March 12, 2003  ·  Lessig

Orin Kerr is a careful and powerful critic (in the good sense of that term) of much in the law of cyberspace. He has posted a careful and powerful criticism of my post yesterday. So too have others. But the line I agree with most strongly in Orin’s post is: “the public domain will be best served if Eldred is treated as a launching point for legislative reform, not an example of judicial foul play.”

Agreed. And as I’m the least qualified person to comment on the matter (as I’m the most biased person who has a view on the matter), my efforts are devoted to the future, not this past. My claim was not “foul play” or, as others have said, “corruption.” It was instead the sort of criticism that one can only make of an institution one respects: consistency. The obligations of consistency about principle across cases extend at least to those justices who believe in the principle. They don’t extend to justices who have dissented from the principle. Thus the burden or justifying and distinguishing Lopez falls on those who signed the Lopez/Morrison opinions. The other four (three of whom wrote the opinions in this case) are not, in my view, bound by that principle to say anything.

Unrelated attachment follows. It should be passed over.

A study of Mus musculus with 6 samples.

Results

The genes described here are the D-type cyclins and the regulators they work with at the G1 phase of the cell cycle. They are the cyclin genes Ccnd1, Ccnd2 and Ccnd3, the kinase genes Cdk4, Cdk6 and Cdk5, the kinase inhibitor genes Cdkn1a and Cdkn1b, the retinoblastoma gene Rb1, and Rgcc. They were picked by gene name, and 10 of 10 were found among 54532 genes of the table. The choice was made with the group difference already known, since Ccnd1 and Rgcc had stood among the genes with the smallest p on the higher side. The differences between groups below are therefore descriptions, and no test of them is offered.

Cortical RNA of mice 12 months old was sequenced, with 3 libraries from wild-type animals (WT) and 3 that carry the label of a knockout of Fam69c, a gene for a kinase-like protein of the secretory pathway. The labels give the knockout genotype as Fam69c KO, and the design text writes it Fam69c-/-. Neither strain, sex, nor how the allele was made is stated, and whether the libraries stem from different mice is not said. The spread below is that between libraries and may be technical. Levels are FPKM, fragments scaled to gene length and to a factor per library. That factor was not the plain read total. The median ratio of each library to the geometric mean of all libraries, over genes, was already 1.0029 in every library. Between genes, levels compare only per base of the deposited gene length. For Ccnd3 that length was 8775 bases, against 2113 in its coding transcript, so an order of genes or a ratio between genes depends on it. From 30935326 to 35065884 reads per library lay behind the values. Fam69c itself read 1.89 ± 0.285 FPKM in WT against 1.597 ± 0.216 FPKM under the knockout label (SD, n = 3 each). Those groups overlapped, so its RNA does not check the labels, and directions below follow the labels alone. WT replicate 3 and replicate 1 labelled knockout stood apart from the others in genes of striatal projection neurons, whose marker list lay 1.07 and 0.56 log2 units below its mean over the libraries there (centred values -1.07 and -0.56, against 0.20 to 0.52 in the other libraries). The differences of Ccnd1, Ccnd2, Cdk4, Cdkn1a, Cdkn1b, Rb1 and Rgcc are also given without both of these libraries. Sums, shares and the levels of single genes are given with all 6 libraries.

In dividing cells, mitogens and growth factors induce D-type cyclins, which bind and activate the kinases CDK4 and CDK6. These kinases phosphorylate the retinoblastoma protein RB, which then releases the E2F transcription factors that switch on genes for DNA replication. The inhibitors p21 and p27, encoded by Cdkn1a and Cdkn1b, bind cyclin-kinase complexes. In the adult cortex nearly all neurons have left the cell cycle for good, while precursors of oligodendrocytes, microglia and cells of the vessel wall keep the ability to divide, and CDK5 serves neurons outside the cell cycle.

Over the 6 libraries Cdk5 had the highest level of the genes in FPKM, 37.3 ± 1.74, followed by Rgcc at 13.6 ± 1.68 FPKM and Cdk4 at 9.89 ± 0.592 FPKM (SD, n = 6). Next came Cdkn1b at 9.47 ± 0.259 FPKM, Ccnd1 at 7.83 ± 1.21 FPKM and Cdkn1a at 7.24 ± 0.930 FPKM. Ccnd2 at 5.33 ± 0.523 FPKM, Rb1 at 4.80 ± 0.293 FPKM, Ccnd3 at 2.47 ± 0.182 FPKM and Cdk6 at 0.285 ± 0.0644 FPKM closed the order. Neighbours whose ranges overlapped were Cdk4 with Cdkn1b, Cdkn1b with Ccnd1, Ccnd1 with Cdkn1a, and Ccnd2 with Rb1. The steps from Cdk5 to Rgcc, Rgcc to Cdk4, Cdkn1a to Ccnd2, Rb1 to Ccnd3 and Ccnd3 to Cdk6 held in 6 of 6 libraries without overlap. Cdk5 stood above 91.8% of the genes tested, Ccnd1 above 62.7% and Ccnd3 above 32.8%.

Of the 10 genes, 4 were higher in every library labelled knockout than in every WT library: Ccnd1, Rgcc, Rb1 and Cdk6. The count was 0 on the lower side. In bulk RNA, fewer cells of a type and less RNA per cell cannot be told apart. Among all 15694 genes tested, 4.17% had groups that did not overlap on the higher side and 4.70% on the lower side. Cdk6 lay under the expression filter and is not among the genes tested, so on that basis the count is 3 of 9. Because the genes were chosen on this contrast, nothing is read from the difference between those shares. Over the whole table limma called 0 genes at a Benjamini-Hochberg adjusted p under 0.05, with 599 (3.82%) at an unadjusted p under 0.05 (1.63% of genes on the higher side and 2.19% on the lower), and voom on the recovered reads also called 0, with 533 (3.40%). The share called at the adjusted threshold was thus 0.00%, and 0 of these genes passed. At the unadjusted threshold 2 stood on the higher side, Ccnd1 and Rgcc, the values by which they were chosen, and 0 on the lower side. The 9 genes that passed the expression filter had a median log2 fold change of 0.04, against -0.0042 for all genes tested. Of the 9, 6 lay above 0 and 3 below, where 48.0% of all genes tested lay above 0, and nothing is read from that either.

The point is not that a distinction couldn’t be drawn. The point is that they didn’t draw it. And the point is not that the Court must respond to every argument an advocate makes. But when two federal judges frame their dissent on the basis of a principle that also frames the petition upon which cert was granted, a certain decency would suggest something more than silence.

But I leave it to others to resolve the ethics of judicial principle as they apply to this case. There is lots of work to do that will matter much more.